US consumers have often been the not-so-secret weapon for the US economy. They have spent their way out of trouble, supporting growth and reviving the economy when it has been most needed. However, could this fabled strength be about to become a weakness?

In the US, private consumption – or consumer spending – is important. Estimates suggest that it accounts for around 68% of Gross Domestic Product (GDP). Today, this is nearing the record high levels set in 2011, where it reached 69% of GDP. It was a primary engine of growth in the second quarter of 2023, rising 1.6%. It has been a key driver of the jobs’ recovery.

However, there are signs that this strength may be starting to roll over. The current consumer confidence has its roots in two areas: the savings pot many investors built up during the pandemic, and strong jobs growth and there are signs that both are weakening. On The North American Income Trust, we are keeping a close eye on the data as it emerges.

Pandemic savings, spent

Around $2.1 trillion in excess savings was accumulated over the course of the pandemic, as the Government distributed cash to protect households. This had dwindled to around $500bn by March of this year and by June, only $190bn remained. Where those savings remain, they tend to be concentrated in the highest quintile of households. Perhaps this is why a recent report from McKinsey showed optimism about the economy highest among baby boomers, but plummeting among millennials.

The US has now largely exhausted its ‘you only live once’ summer of spending, and will shortly have to return to reality. There are some cracks appearing in consumer spending data. While we see many companies maintaining margins, increasingly this is at the expense of volumes. It is likely to become difficult to sustain this situation indefinitely. Consumers have a tipping point.

Buoyant labour markets

That said, most Americans still have jobs. The American model of consumption is such that while the jobs market remains buoyant, so does consumption. Until there are real difficulties in the labour market, consumption may hold up. The question is whether that weakness is starting to emerge. After all, the goal of the Federal Reserve in raising interest rates has been to calm the jobs market sufficiently to bring prices lower.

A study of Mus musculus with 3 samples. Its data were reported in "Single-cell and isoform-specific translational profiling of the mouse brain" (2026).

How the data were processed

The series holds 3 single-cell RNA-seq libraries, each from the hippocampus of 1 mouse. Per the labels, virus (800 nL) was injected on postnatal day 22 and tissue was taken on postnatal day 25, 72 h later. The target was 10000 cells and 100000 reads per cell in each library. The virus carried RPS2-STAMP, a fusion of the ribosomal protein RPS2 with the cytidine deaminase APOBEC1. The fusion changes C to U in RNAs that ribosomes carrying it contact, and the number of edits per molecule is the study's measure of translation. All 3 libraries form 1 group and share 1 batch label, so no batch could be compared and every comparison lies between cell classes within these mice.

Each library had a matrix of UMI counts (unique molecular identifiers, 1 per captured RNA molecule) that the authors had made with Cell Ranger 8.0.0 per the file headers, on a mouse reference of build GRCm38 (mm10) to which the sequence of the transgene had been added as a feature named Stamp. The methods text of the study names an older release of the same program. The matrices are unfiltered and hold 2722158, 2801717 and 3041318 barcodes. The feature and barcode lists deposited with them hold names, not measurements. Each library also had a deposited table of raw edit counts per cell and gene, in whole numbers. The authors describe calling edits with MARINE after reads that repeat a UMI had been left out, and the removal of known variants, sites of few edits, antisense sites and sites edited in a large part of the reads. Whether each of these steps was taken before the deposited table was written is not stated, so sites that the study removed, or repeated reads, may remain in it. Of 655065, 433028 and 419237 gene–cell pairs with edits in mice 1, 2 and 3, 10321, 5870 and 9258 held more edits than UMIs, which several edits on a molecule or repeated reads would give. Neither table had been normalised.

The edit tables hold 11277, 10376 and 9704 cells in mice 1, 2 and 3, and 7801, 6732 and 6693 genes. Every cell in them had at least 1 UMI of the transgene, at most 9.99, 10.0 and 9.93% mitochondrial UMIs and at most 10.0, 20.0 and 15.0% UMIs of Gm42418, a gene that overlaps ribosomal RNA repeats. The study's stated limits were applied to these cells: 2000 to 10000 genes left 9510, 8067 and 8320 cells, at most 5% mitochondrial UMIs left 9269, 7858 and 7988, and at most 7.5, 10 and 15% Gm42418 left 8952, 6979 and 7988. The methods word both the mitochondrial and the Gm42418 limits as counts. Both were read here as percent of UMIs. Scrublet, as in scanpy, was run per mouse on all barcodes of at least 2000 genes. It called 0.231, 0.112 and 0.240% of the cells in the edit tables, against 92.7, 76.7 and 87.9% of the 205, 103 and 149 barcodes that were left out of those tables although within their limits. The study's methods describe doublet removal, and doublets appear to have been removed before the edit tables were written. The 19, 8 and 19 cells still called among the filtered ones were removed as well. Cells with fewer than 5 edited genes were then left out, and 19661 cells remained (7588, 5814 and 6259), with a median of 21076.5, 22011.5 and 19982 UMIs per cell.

Jobs growth has levelled off in recent months. In September the economy added another 336,000 jobs, well above the pre-pandemic average, but new job openings are starting to drop. Wage growth has cooled to a more modest 4.2% year on year, while the unemployment rate appears stable at 3.8%. This would appear to suggest a discernible cooling in the labour market, even if we don’t expect a significant downturn.

Selective consumer holdings

What does this mean for our investment strategy? Unsurprisingly, the US consumer is also a significant part of the US stock market – around 17% for our benchmark index, the Russell 1000 Value. While we are significantly underweight the consumer discretionary sector and, to a lesser extent, the consumer staples sector, there are still opportunities. Even if the US consumer turns lower, there are still plenty of Dollars to go after.

Our solution has been to ensure that we are focusing on those companies that have something extra. Walmart and Procter and Gamble are large index constituents and we hold neither. They are large, well-run mature businesses, but are unlikely to deliver significantly ahead of retail sales. On the other hand, there are businesses such as Restaurant Brands International, which has been through a difficult period, seen significant under-investment, but now has a new chairman who has come in from Domino’s Pizza and is making changes. It could see an expansion of sales, margins or its multiple as a result. These idiosyncratic opportunities are important at a time when growth becomes scarce.

Equally, within the consumer segment, there will be specific areas of structural growth. We hold Keurig Dr Pepper, for example, which has a significant and fast-growing coffee business sitting alongside its mature soft drinks business. There are a number of consumer groups who have fast-growing businesses in emerging markets, which can support more mature businesses elsewhere.

It is possible to find high quality, cash generative businesses with the potential to grow their dividends even in unpromising sectors. There may also be mispricing. We do not underestimate the power of the US consumer but recognise that this is a moment to be selective.